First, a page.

Juventus goalkeeper Gianluigi Buffon has revealed his struggles with mental health issues over the years in a soul-bearing letter to his younger self.
Written for the Player’s Tribune
Early on, he points out that a keeper must be ‘fearless’, and that it is a trait held in higher esteem than technique by most coaches. He has this trait.
But he also has the side-effects, as he explained: “A person who is fearless can easily forget that they have a mind. If you live your life in a nihilistic way, thinking only about football, your soul will start to wither. Eventually, you will become so depressed that you won’t even want to leave your bed.”
Admonishing his 17-year-old self, he continues: “You can laugh if you want, but this will happen to you. It will happen at the height of your career, when you have everything a man could ever want in life. You will be 26 years old. The keeper of Juventus and the Italian national team. You will have money and respect. People will even call you Superman.
“But you’re no superhero. You’re just a man like anyone else. And the truth is that the pressure of this profession can turn you into a robot. Your routine can become a prison. You go to training. You come home and watch TV. You go to sleep. You do the same the next day. You win. You lose. It repeats and repeats.
“One morning, when you get out of bed to go to training, your legs will start shaking uncontrollably. You will be so weak that you won’t be able to drive your car.
“Initially, you will think it’s just fatigue, or a virus. But then it will get worse. All you’ll want to do is sleep. At training, every save will feel like a titanic effort. For seven months, you will have a hard time finding joy in life.”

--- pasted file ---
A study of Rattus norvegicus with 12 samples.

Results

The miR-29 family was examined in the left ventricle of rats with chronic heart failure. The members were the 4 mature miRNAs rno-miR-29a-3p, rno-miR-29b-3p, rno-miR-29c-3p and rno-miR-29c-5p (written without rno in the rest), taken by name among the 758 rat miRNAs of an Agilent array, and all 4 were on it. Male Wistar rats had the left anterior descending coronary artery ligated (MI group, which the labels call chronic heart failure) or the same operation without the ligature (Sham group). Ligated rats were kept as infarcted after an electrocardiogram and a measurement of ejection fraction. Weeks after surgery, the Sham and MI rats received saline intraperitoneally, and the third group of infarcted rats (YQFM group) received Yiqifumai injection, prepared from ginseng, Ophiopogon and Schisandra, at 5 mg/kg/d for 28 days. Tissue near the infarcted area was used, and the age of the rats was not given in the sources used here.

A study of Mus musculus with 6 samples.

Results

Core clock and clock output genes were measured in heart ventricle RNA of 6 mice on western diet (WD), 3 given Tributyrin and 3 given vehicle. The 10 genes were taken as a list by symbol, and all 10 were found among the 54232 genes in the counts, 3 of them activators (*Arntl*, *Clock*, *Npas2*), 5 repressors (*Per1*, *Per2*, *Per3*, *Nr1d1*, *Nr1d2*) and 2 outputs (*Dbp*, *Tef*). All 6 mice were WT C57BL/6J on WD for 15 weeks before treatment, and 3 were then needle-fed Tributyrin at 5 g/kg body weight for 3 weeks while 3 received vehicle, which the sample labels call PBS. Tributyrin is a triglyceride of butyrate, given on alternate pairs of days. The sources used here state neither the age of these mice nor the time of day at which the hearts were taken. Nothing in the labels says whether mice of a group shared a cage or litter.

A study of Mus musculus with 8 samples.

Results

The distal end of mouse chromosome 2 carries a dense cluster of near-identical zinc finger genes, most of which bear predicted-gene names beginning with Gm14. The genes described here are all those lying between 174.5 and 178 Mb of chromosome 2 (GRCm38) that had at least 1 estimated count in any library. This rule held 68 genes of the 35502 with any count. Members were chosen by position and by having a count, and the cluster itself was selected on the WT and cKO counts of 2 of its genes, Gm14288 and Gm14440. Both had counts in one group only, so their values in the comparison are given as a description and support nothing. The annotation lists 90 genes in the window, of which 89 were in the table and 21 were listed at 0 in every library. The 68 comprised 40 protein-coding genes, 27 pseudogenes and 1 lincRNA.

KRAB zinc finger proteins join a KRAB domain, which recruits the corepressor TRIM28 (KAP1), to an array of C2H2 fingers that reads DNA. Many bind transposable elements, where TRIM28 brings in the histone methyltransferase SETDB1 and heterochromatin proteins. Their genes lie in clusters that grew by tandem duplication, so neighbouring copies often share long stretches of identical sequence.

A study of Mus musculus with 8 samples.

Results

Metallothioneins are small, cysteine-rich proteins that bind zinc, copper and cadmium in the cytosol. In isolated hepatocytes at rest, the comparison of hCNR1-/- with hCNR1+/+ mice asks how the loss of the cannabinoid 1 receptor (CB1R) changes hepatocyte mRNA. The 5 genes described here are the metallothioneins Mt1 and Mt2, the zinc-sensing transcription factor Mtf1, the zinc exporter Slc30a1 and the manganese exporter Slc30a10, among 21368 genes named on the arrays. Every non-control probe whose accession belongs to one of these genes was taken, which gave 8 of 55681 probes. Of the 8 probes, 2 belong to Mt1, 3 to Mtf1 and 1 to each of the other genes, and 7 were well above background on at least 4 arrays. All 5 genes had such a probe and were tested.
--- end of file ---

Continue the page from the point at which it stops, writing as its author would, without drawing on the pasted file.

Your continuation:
The solution? First of all, remembering why he became a footballer in the first place. He goes into great detail describing how he fell in love with Cameroon’s Thomas N’Kono during Italia ’90, and thus the position.
But it wasn’t just his abilities. It was the ‘soul’ he showed while displaying them. As Gigi affirmed:
“This is why you became a footballer. Not because of money or fame. Because of the artistry and style of this man Thomas N’Kono. Because of his soul.”
The soul is an integral part of Buffon’s being and money and fame, it seems, have done little to nurture his.
“You must remember this: money and fame isn’t the purpose,” he later added. “If you are not taking care of your soul, if you are not looking for inspiration in things outside of football, you will deteriorate.
“If I could give you one piece of advice, it is to be much more curious about the world around you when you are still young. You will save yourself, and especially your family, a lot of heartache.”
And that means thinking less about himself, less about his own stardom, as he confirmed in a later paragraph.
“This is what will get you out of your depression,” he wrote. “Not remembering that you are special, but remembering that you are the same as everyone else. You cannot comprehend this now, at 17 years old, but I promise you that real courage is showing weakness and not being ashamed.
“You deserve the gift of life, Gigi. Just as everyone does. Remember this.”